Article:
Lander hints at water, nutrients on Red Planet: Phoenix continues to dig and analyze soil samples.[ILLUSTRATION OMITTED]
The first analyses of Martian soil scooped up last month by the robotic arm A robotic arm is a robot manipulator, usually programmable, with similar functions to a human arm. The links of such a manipulator are connected by joints allowing either rotational motion (such as in an articulated robot) or translational (linear) displacement. on NASA's Phoenix Mars Lander support the notion that liquid water has flowed on the Red Planet.
A cubic centimeter cu·bic centimeter
Abbr. cc A unit of volume equal to one thousandth (10-3) of a liter or to one milliliter. of Martian soil--about the volume of a sugar cube--delivered to one of the miniature laboratories on the lander revealed several water-soluble elements and inorganic compounds, including sodium, potassium chloride potassium chloride, chemical compound, KCl, a colorless or white, cubic, crystalline compound that closely resembles common salt (sodium chloride). It is soluble in water, alcohol, and alkalies. and magnesium, reported Samuel Kounaves of Tufts University in Medford, Mass. Kounaves leads the lander's wet-cell lab experiment, which adds water to samples in order to detect soluble substances.
"We have found what appears to be the requirements - the nutrients - to support life [on Mars], whether in the past, present or future," he said during a telephone press briefing on June 26. The findings, he added, are one more piece of evidence showing the presence of salts created by "some sort of liquid action at some point in the history of Mars."
"We were all flabbergasted flab·ber·gast
tr.v. flab·ber·gast·ed, flab·ber·gast·ing, flab·ber·gasts
To cause to be overcome with astonishment; astound. See Synonyms at surprise.
[Origin unknown. by the data we got back," Kounaves said. He noted that the composition of material analyzed by the wet-cell laboratory appears strikingly similar to that of the dry valleys in Antarctica on Earth.
The analysis also revealed that the soil is alkaline, between pH 8 and 9, which surprised some researchers, Kounaves said.
A separate analysis of the first soil sample heated to 1,000[degrees] Celsius in one of Phoenix's tiny ovens--the first time any parcel of a planet other than Earth had been artificially heated to such high temperatures--showed that the grains contain carbon dioxide carbon dioxide, chemical compound, CO2, a colorless, odorless, tasteless gas that is about one and one-half times as dense as air under ordinary conditions of temperature and pressure. and water vapor.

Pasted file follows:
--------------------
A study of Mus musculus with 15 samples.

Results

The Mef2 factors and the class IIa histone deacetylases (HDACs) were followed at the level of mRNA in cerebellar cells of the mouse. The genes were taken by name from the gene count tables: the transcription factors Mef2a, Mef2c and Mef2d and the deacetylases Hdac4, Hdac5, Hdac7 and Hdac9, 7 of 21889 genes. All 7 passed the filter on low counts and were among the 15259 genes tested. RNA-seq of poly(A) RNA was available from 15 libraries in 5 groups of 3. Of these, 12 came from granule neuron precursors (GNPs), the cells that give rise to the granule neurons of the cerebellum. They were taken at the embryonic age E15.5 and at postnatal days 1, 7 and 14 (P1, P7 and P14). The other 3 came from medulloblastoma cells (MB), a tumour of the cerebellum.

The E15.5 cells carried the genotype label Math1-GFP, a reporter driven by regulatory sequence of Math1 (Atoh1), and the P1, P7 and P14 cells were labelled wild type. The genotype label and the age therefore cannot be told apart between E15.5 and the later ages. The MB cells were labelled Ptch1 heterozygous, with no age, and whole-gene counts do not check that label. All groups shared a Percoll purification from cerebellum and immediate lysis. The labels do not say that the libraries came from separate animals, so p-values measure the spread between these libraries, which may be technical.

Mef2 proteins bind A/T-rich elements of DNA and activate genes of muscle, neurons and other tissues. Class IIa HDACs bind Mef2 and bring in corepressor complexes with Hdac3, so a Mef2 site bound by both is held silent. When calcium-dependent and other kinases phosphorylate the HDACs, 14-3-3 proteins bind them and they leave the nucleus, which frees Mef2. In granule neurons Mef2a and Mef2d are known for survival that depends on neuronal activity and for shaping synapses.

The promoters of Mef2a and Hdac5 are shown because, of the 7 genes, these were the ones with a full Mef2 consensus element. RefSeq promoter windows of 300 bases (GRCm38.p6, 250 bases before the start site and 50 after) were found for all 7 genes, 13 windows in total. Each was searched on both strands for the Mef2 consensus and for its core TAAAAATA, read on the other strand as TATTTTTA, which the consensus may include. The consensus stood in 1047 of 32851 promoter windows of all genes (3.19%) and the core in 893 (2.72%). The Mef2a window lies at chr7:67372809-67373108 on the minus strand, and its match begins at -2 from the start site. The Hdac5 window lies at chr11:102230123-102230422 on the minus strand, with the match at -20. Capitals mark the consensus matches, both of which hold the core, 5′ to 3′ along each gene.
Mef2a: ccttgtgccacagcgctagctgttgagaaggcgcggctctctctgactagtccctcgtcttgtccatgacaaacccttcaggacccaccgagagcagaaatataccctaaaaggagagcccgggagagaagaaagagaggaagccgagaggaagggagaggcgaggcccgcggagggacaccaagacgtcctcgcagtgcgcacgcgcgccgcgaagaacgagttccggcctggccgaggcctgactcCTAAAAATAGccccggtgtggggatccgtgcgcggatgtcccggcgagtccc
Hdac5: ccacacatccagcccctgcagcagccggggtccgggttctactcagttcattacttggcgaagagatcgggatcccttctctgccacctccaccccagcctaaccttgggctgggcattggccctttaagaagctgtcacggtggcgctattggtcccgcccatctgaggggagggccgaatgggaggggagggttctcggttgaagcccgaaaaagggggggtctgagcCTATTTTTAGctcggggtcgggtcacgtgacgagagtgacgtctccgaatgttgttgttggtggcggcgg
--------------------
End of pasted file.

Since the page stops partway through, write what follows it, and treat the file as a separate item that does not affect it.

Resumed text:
"The soil has clearly interacted with water in the past," said William Boynton of the University of Arizona (body, education) University of Arizona - The University was founded in 1885 as a Land Grant institution with a three-fold mission of teaching, research and public service. in Tucson. "We don't know Don't know (DK, DKed)
"Don't know the trade." A Street expression used whenever one party lacks knowledge of a trade or receives conflicting instructions from the other party. whether that interaction occurred in this area in the northern polar region or might have happened elsewhere and been blown to this area as dust." Boynton leads the team operating the Thermal and Evolved Gas Analyzer, a set of eight single-use ovens.
Phoenix's signature robotic arm has been scooping soil for chemical analyses since the craft landed safely in the planet's arctic region on May 25.
In another first, the robotic arm scraped icy soil in the Wonderland area on June 26. The arm flattened the layer where soil meets ice, exposing the icy surface below the soil.
The next step is to scoop ice samples into Phoenix's analytical instruments. Scientists want to find out whether that ice may have been liquid in the past and could have offered a haven for microbial microbial
pertaining to or emanating from a microbe.
the breakdown of organic material, especially feedstuffs, by microbial organisms. life on the Red Planet.